The alliance is worth saving

It seems to be fairly clear from the record that President Reagan did not understand until it was too late how strongly the Western allies feel about his efforts to stop them from building a gas pipeline from Siberia to Western Europe.

It is reported that when British Prime Minister Margaret Thatcher was in Washington on June 23 she told him exactly how she and her Parliament felt on the subject and he replied that he had thought that she ''could live with that.''

Well. On June 30 the British Board of Trade invoked a Protection of Trading Interests Act under which companies doing business in the United Kingdom can be compelled to inform the British government of any requirements placed on their activities by an outside government. In effect, subsidiaries or licensees of an American company must disclose limitations placed by President Reagan on those companies in Britain which are under contract to sell parts or equipment for building the controversial pipeline.

On the following day Mrs. Thatcher stood up in Parliament and declared:

''The question is whether one very powerful nation can prevent existing contracts from being fulfilled. I think it is wrong to do that.''

Under British law the subsidiaries or licensees of United States companies in Britain can be forced to defy President Reagan's pipeline ban and fulfill their existing contracts.

The British government has not yet actually ordered those companies in Britain to go ahead with the contracts in spite of the Reagan ban. But the indications are that the West Germans, the French, and the British all intend to go ahead with the pipeline in defiance of the American President.

In the meantime, Mrs. Thatcher's open defiance of the President on this point stands as the first major breach between the two countries since Mr. Reagan became President. Until Mrs. Thatcher's statement to the House of Commons on July 1, she had given Mr. Reagan more enthusiastic and public support than any other head of government in the alliance. Her policy had been to act and talk as ''the most loyal ally.'' Mr. Reagan could count on her support.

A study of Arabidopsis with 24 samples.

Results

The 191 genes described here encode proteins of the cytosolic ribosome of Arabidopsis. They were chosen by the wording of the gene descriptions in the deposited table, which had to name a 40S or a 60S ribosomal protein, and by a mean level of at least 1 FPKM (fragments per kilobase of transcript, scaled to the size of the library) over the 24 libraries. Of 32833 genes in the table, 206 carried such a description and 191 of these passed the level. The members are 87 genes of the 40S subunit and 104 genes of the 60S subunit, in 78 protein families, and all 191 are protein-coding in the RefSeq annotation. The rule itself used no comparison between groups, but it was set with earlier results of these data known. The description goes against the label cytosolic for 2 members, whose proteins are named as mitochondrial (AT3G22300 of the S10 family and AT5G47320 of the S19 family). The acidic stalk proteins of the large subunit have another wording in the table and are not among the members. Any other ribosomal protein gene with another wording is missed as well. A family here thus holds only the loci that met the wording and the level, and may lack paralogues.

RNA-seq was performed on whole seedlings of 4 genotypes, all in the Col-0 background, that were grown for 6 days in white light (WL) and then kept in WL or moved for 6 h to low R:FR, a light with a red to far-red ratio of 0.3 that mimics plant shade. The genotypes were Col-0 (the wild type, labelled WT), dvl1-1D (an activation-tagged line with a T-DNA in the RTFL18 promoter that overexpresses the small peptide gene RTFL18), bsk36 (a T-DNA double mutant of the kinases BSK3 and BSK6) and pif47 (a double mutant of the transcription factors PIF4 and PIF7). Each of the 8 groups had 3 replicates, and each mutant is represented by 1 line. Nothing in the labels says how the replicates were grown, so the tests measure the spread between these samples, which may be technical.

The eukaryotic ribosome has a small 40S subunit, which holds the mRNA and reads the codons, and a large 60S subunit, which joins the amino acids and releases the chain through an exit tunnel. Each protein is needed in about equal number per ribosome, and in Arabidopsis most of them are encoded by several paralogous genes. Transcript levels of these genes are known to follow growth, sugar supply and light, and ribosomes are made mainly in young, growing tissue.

The issue at stake here is the importance of the alliance itself. Economic sanctions against the Soviet Union might have some impact on the Soviets and on their policies if they were applied and implemented by all members of the NATO alliance and by all other associates of the US in other parts of the world.

The attempted ban on the pipeline, and on Japanese oil drilling for the Soviets off Sakhalin, might actually mean something if the entire US system of alliances and association acted in unison.

But if and when the US acts alone and its allies and associates proceed in spite of US wishes - the sanctions merely delight the Soviets because they become an element of discord inside the alliance. They expose weakness in the alliance. They do not prevent the Soviets from getting the pipeline, or from expecting a substantial income in hard currency from sale of the gas when the pipeline is finished.

The alliance is not yet in decisive dissolution. This is only a case where Mr. Reagan has had to learn the hard way that the allies cannot be coerced, or even led, in a direction contrary to what they conceive to be in their own best interests.

But it does seem to expose a lack of awareness of how important the alliance is to the US.

Let us just take one superficial way of measuring the matter. The US has today slightly over 2 million men and women in its armed forces. The Soviet Union has approximately 3.7 million - not quite twice as many. But the armed strength of the major Western allies - Britain, France, West Germany, and Italy - adds an extra 1.7 million. The smaller allies - Belgium, the Netherlands, Denmark, Norway, Portugal, Greece, and Turkey - contribute another million.

The Western alliance can field armed forces of almost 5 million.

And if the US maintains effective good relations with both Japan and China on the other side of the world - the US and its friends can outnumber the Soviets massively.

Current debates over the defense budget in the Congress in Washington show that it would be difficult indeed to match the Soviets in US military manpower alone. Congress is balking even at a modest Reagan proposal for an additional 36 ,000 American military people. The US alone simply cannot out-man the Soviets. The US with its friends and allies can. The more dangerous the Soviet Union is conceived to be, the more important is the alliance to the US.

Sanctions which do not command alliance cooperation help the Soviets by weakening the alliance.